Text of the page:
Comedian Joanna Hausmann of 'The Flama' On Different Latino Cultures Latinos in the U.S. are "just put all in one group," says Joanna Hausmann, who is using comedy videos to show that all Latinos aren't the same.

A Comedian 'Rants' On Different Latino Cultures

A Comedian 'Rants' On Different Latino Cultures


The Flama is a website from Univision and Bedrocket Media "created by, for and starring young Latinos." The site features a slew of comedy videos with people talking about things like Latino culture, food or something off the wall like what presidential candidates would look like as characters in The Hunger Games.

Joanna Hausmann is a Venezuelan comedian, writer and a full-time video creator for the site. One of her roles there is hosting a recurring video series called Joanna Rants, which covers everything from types of Spanish accents to political correctness.


She spoke with NPR's Lourdes Garcia-Navarro about the differences among Latinos and the source of her comedy.

Joanna Hausmann is a comedian who makes videos for The Flama, which focuses on Latino culture. Derek Gabryzack & Diana Molina/Courtesy of Joanna Hausmann hide caption


Joanna Hausmann is a comedian who makes videos for The Flama, which focuses on Latino culture.

Derek Gabryzack & Diana Molina/Courtesy of Joanna Hausmann

Interview Highlights

On differences between Latinos of different nationalities

I think it's incredibly important to point out the differences, because ironically that's the way to unify us. So something that I've noticed in a lot of my content is that videos in which I depict the differences between all the different countries and different cultures — how Venezuela's different than Colombia, how Colombia's different than Panama, how Panama's different than Mexico — is interestingly enough one of the most successful parts of what I do. Because people like seeing how their culture is manifested in a different way. Because here in the States, we're just put all in one group.

On her own story

I think it's interesting to look at my family history, because my family history is a lot about immigration. On my father's side my grandparents were Holocaust survivors that went to Venezuela. On my mother's side it's Cuban exiles from Fidel Castro's regime. And my parents found each other — first generation Venezuelans. I was second generation Venezuelan and then I had to leave. So it's a lot of moving, and a lot of creating a new home in a new place.

And I feel very very proud to be Venezuelan. Particularly because the Venezuela that I was taught of was the Venezuela of inclusion, the Venezuela that opened its doors to immigrants. The Venezuela where the son of a Jewish family met a Cuban exile and had a child.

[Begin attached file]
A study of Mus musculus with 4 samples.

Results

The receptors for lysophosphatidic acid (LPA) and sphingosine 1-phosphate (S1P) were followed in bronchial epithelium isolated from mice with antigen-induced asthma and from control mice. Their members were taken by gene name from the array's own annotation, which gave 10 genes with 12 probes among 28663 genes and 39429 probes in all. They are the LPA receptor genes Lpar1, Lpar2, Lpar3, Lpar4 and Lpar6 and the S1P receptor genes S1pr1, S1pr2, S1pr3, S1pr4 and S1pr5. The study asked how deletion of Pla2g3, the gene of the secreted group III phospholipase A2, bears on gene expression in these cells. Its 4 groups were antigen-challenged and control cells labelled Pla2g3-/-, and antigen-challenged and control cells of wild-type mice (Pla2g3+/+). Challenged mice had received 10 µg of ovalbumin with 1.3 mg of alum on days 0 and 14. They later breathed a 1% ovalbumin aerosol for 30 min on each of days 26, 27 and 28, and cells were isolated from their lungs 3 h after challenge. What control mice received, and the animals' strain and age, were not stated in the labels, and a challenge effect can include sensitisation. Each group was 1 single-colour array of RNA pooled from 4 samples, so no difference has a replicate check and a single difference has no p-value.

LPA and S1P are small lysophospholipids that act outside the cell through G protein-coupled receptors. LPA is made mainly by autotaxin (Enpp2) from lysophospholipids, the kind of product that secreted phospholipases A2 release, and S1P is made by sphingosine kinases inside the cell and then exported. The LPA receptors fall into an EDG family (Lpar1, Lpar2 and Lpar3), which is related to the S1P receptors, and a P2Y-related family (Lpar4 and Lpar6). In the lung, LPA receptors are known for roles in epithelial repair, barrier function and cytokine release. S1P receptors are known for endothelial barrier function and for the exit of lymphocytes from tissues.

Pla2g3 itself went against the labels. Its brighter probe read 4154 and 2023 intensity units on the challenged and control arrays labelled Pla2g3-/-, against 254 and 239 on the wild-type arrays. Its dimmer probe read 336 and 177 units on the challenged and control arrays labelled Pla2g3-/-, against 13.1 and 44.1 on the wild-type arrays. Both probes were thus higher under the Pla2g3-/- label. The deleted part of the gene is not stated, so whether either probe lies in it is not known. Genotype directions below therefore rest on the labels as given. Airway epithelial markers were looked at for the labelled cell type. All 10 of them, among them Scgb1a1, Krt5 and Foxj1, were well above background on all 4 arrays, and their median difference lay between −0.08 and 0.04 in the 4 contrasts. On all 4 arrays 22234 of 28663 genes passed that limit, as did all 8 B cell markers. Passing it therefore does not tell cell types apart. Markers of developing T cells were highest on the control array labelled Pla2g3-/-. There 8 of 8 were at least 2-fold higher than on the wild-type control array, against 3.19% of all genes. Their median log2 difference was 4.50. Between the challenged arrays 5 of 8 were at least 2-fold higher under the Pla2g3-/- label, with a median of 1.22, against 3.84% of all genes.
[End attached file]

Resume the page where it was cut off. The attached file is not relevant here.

On using her videos to reach out to non-Hispanics


I think that my generation in particular, we are cast in this world in an incredibly international way. I of course see myself as a Venezuelan, as do a lot of my friends, but I'm also incredibly bicultural. And what I've noticed is that there are a lot of bicultural people in this world and in this country. And you don't even have to be from another country to be bicultural. There's this interest and this sort of movement towards being more open to comparing yourself with other people.

And I think that comes along with the internet — how connected we are now. And how we've been able to converse with people from completely different cultures and find something with other cultures that we are akin to.

On the source of her comedy

I think that I grew up explaining who I was, right? As a white Latina with a Jewish last name. That does not make sense in the conceptualization of what a Latina should be. Also I'm not particularly suave, I'm incredibly awkward. There's something about my identity that does not mesh with what people think the identity should include. ...

[Growing up] I was trained in explaining my identity in a way that wasn't surface level. And it also opened me up in understanding that people can literally have absolutely any background and what we conceive to be their identity, or their reality or their background is usually not the case. There's a lot more to unpackage there. So I kind of see it as a gift now.

On presidential candidates

I believe that if they made a little bit more of an effort to talk within the pockets of the Latino identity — like if they went to Miami and talked specifically from a Cuban perspective ... went to California — specifically with a Mexican perspective. I think that that will alter the conversation. Venezuelans are going to come with completely different baggage than Mexicans. Cubans are going to come with different baggage than Venezuelans. ...

But I do think that just the conversation of inclusion and tolerance and acceptance is something that we all will happily embrace.